Less than two months until the Supreme Court launches its 2017 Term. Mark your calendars. The Court's already accepted over 30 cases for next year; the next big news on that front will come on September 25, when the Court has its "long conference" to look over the petitions that have accumulated during the summer and pick which ones are worthy of the Court's time.
One of them might be Final Exit Network, Inc. v. Minnesota. Final Exit Network and its primary publication, "Exit Guide," are not intended to aid movie-goers in finding their way out of a movie theater in the event of a fire or similar calamity; they exist to "provide information, education, and counseling to Network members who have decided to terminate irremediable suffering." Doreen Dunn availed herself of these materials, and her self-induced demise resulted in Final Exit's prosecution under a Minnesota law which prohibits assisted suicide. Final Exit did not commit any physical acts, so the case presents a free speech issue.
The Court's been very First Amendment-friendly in recent years, and not-so-recent, for that matter: it's struck down laws prohibiting marketing of violent video games to minors, falsely claiming that you got military medals, prohibiting videos of animal cruelty, and, just last term, allowing the patent office to reject offensive trademarks. Given that, I don't see much hope for the Minnesota law, but it sure should draw some interesting amicus support on both sides.
Ohio executed its first inmate in three and a half years the other week. On the one hand, we're the only non-Southern state to kill people. On the other, we're still not in the Big Leagues in that category; Texas executed two people that same week.
James Wogenstahl has a date with the gurney up here, although that date's been reset any number of times: he was sentenced to death back in 1992. His latest appearance before the courts came with the Ohio Supreme Court's decision a few weeks back in State v. Wogenstahl.
We won't get into an extended discussion about the decision, because it doesn't have any real significance for anyone besides Wogenstahl, for reasons I'll explain in a minute. Basically, Wogenstahl kidnapped a 10-year-old girl and killed her. This happened in Harrison, Ohio, which sits on the border with Indiana. And I mean, "on the border"; State Street is the dividing line between Harrison, Ohio, and West Harrison, Indiana, and the state line runs down the middle of the street.
The girl's body was discovered in Indiana. The law at that time provided that the homicide had to have taken place in Ohio for the state to have jurisdiction, and thus the question was where the girl was killed. (That's no longer a question; in 2005 the legislature amended the statute to specify that if any element of the crime is committed in this state, Ohio has jurisdiction.) Everybody on the court agrees that the State didn't prove beyond a reasonable doubt that the killing took place in Ohio, but the majority decides that the defendant didn't show that the killing took place in Indiana, either, so it's a wash, and Wogenstahl's conviction and death sentence are upheld.
The Chief Justice, joined by O'Neill, makes a fairly convincing case that the killing certainly didn't take place in Ohio, bolstered by the testimony of someone who observed Wogenstahl driving in In Indiana, and saw the girl moving in her seat. More troubling is the court's handling of the burden of proof; although it never addresses the question, somebody has to bear the burden, and placing it on the defendant to disprove jurisdiction seems a little much. The decision can more likely be chalked up to application of the Bad Man Doctrine.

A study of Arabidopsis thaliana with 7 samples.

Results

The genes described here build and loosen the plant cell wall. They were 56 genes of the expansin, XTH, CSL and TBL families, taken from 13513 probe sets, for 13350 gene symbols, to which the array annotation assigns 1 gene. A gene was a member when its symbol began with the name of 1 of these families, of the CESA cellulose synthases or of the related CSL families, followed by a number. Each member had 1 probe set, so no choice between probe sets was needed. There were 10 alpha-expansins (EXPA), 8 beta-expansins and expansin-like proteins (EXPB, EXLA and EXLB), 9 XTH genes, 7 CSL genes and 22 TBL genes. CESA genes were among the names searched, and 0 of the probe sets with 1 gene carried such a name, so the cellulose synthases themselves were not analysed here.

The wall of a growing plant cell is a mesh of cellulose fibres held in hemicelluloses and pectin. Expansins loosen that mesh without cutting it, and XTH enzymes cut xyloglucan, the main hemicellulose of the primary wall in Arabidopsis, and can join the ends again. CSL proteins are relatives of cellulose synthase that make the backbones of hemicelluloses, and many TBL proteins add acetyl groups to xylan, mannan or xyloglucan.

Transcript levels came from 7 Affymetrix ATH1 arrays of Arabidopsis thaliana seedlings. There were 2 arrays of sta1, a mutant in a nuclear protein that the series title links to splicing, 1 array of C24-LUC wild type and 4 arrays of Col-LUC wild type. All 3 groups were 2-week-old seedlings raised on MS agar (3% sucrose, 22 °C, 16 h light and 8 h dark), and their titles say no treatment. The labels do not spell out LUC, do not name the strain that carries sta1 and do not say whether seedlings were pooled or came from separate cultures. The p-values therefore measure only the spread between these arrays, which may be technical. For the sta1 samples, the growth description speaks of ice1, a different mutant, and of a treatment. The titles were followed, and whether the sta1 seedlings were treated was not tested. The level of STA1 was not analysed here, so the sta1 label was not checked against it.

Motions for reconsideration are all the rage in the Supreme Court, and another one comes down in State v. D.B., a case involving the reverse bindover provisions of the juvenile code.
Say what? Let's say that your client, a minor is charged with two counts of aggravated robbery with a gun. That's subject to mandatory bindover; it has to go to the Common Pleas court. But what happens if the defendant goes to trial and is convicted of only theft? That's a fourth or fifth degree felony, and isn't subject to bindover. In that situation, the case goes back to the juvenile court for disposition.
But what if the juvenile is convicted of one count of aggravated robbery, and one count of theft? Does the theft case go back to juvenile court? The Second District said yes, the Eighth District said no, so up it went to the Supreme Court on a certified question.
That's where things got funky. The Supreme Court decided last December in State v. Aalim that the mandatory bindover provisions were unconstitutional, and remanded D.B. back to the juvenile court for an amenability hearing; if D.B. was found to be amendable to rehabilitation in the juvenile system, he'd stay there, otherwise the case would go back to common pleas.
But then, on reconsideration, the court reversed Aalim. (My jeremiad about that here.) So what to do about D.B.? Well, the mandatory bindover provision is no longer invalid, which means the juvenile court can't follow the remand order in D.B., so the court has to confront the issue head-on: what does happen when a case is bound over to common pleas court, and the defendant winds up with convictions for non-bindover charges as well as bindover charges? The court reconsiders D.B., and announces: nothing happens. The common pleas court sentences on all the offenses; nothing goes back to juvy.